When a mysterious young woman named Katie appears in the small North Carolina town of Southport, her sudden arrival raises questions about her past. Beautiful yet self-effacing, Katie seems determined to avoid forming personal ties until a series of events draws her into two reluctant relationships: one with Alex, a widowed store owner with a kind heart and two young children; and another with her plainspoken single neighbor, Jo. Despite her reservations, Katie slowly begins to let down her guard, putting down roots in the close-knit community and becoming increasingly attached to Alex and his family. But even as Katie begins to fall in love, she struggles with the dark secret that still haunts and terrifies her . . . a past that set her on a fearful, shattering journey across the country, to the sheltered oasis of Southport. With Jo's empathic and stubborn support, Katie eventually realizes that she must choose between a life of transient safety and one of riskier rewards . . . and ... Written by
While the detective is photoshopping Katies picture another police officer asks him about the Lumpkin case. One of the producers of the film is D. Scott Lumpkin. See more »
Katie calls and leaves a message on her neighbor's answering machine while at work at Ivan's on a Monday (according to the answering machine). When Kevin calls Ivan's and listens to the recording, it states that Ivan's is open Tuesday to Sunday, meaning it is closed on Monday. See more »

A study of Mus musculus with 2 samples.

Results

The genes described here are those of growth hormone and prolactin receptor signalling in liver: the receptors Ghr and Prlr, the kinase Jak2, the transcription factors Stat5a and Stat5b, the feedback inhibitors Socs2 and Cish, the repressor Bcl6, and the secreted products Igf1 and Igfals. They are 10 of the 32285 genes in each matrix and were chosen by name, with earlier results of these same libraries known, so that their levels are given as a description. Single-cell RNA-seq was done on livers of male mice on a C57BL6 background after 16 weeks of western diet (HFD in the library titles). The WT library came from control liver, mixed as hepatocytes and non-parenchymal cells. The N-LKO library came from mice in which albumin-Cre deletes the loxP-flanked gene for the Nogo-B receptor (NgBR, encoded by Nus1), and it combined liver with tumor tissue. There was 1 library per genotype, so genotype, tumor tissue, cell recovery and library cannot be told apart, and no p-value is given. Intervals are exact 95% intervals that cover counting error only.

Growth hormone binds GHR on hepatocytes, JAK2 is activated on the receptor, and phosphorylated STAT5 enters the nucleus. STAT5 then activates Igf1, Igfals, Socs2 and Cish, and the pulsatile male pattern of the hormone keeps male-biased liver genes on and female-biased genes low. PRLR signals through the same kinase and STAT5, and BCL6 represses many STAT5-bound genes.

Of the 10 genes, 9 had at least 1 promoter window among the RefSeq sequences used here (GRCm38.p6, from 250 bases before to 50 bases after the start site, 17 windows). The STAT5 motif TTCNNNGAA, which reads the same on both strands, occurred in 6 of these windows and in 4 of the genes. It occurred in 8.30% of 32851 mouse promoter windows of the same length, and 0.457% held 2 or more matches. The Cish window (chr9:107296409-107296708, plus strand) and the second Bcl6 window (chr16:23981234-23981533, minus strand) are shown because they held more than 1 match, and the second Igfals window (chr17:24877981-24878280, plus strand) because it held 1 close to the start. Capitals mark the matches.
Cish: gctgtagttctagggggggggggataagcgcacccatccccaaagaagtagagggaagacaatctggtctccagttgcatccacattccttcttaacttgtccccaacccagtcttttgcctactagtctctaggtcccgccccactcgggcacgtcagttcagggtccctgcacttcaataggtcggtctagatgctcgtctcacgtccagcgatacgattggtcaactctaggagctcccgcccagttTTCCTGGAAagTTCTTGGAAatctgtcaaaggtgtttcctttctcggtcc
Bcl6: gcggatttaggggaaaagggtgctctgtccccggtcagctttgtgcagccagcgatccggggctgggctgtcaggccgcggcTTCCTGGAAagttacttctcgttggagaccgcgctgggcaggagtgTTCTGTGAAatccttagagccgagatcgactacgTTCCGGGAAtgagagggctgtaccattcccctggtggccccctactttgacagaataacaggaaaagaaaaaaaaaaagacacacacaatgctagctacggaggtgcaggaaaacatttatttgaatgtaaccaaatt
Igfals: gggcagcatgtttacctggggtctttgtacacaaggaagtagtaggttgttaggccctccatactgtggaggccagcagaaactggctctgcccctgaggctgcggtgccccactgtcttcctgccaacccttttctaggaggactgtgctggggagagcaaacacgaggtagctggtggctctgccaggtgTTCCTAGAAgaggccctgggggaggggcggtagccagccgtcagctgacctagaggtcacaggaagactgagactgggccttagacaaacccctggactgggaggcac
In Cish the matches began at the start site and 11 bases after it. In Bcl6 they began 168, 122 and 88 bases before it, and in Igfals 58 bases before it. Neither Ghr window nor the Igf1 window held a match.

A real surprise and touching ending to this romantic thriller
Director Lasse Hallström pulls off a surprise ending to this otherwise seemingly ordinary romantic thriller; in doing so, he redeemed what would otherwise have been a movie not worth a mention. Sure, the movie is sweet for the most part and the dramatic moments are nothing to brag about, but Hallström has been hiding the real love story all along; when it's revealed in the last scenes, we ask ourselves, how could I have not seen this and then you melt. But you do have to stick it out to the end. I don't wish to spill the beans so I'll keep mum about it. I understand some viewers are not going to be interested in the movie because of the cast, but the director's following is not without merit; after all he delivered Salmon Fishing in the Yemen, Chocolat and Cider House Rules, and it's his uncanny ability to tell a story like no others is what made me want to watch the movie.